URBANA, Ill., April 8, 2019 — Kaiyu Guan and Mattia Gazzola, both Blue Waters professors at the National Center for Supercomputing Applications (NCSA), have been announced as recipients of the National Science Foundation’s annual CAREER awards, allowing them to dive even deeper into the world of computation in agriculture and fluid dynamics, respectively.
A hallmark achievement for young researchers, the CAREER award is described by the NSF as “a Foundation-wide activity that offers the National Science Foundation’s most prestigious awards in support of early-career faculty who have the potential to serve as academic role models in research and education and to lead advances in the mission of their department or organization. Activities pursued by early-career faculty should build a firm foundation for a lifetime of leadership in integrating education and research.”
Kaiyu Guan, a Blue Waters Professor at NCSA and an Assistant Professor of Natural Resources and Environmental Sciences (NRES) in the University of Illinois’ Colege of Agricultural, Consumer and Environmental Sciences (ACES), has used the Blue Waters system at NCSA to process satellite crop data, allowing unprecedented predictions of large-scale crop yield
“I am very honored to be awarded the NSF CAREER Award. This award not only provides encouragements on the work that I’ve been doing, but also offers generous resources to realize more ambitious goals in my research, which is to model every individual field for its crop growth, water use, and nutrient cycles for the whole Corn Belt,” said Guan. “I am grateful for all the supports that NCSA provides, especially the Blue Waters and Blue Waters’s team. Without them, nothing would be possible.”
By using supercomputers to comb through massive amounts of satellite image data, Guan and his team are able to make predictions that are relevant to a handful of national interests, from the agricultural economy to food security. Through this CAREER award, Guan will receive an additional five years of funding valued at $510,000.
Mattia Gazzola, a Blue Waters Professor at NCSA and an Assistant Professor of Mechanical Science and Engineering at the University of Illinois, also received a CAREER Award from the NSF for his work to model “streaming” flows around small complex geometries and, eventually, miniaturized robots.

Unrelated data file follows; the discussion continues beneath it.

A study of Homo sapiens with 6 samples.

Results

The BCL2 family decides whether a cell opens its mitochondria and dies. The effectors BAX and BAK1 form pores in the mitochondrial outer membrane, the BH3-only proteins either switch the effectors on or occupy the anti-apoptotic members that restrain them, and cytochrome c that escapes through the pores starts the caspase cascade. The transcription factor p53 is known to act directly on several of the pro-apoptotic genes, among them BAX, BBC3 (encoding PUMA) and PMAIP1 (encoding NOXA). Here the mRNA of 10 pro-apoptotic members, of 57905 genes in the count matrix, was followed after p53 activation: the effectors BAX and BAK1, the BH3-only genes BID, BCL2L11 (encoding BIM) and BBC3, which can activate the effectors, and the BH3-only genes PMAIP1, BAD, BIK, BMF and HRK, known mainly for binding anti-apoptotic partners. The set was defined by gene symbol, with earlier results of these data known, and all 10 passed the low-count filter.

Streaming is a phenomenon in which an object that oscillates with the right frequency in a fluid can generate stable and predictable flow structures. These can then be used in microfluidics to manipulate the surrounding environment for drug delivery, micromixing or particle separation.
“We’re not experimentalists; we are simulation and modeling people. It’s possible to build some of these minuscule machines, but it’s very hard to design them. We want to be able to model and simulate them so we can do the entire design computationally, and then you can build them and spare a ton of time.”
Though using a tiny robot to deliver particles in the human body for medical reasons may be far from mainstream, Gazzola’s work has, and will continue to, lay the necessary groundwork for groundbreaking medical applications and fundamental flow topology.
“Medicine is a large application of this research in the future, but there are other applications in microfluidics. If we can understand how geometry affects flow topology and streaming fields, you can imagine doing more efficient particle separation or micro-mixing, for example. This CAREER is really looking at some of these new phenomena that you can leverage with streaming, so it’s not necessarily targeted to an explicit application. It’s more fundamental.”
The National Center for Supercomputing Applications (NCSA) at the University of Illinois at Urbana-Champaign provides supercomputing and advanced digital resources for the nation’s science enterprise. At NCSA, University of Illinois faculty, staff, students, and collaborators from around the globe use advanced digital resources to address research grand challenges for the benefit of science and society. NCSA has been advancing one third of the Fortune 50® for more than 30 years by bringing industry, researchers, and students together to solve grand challenges at rapid speed and scale.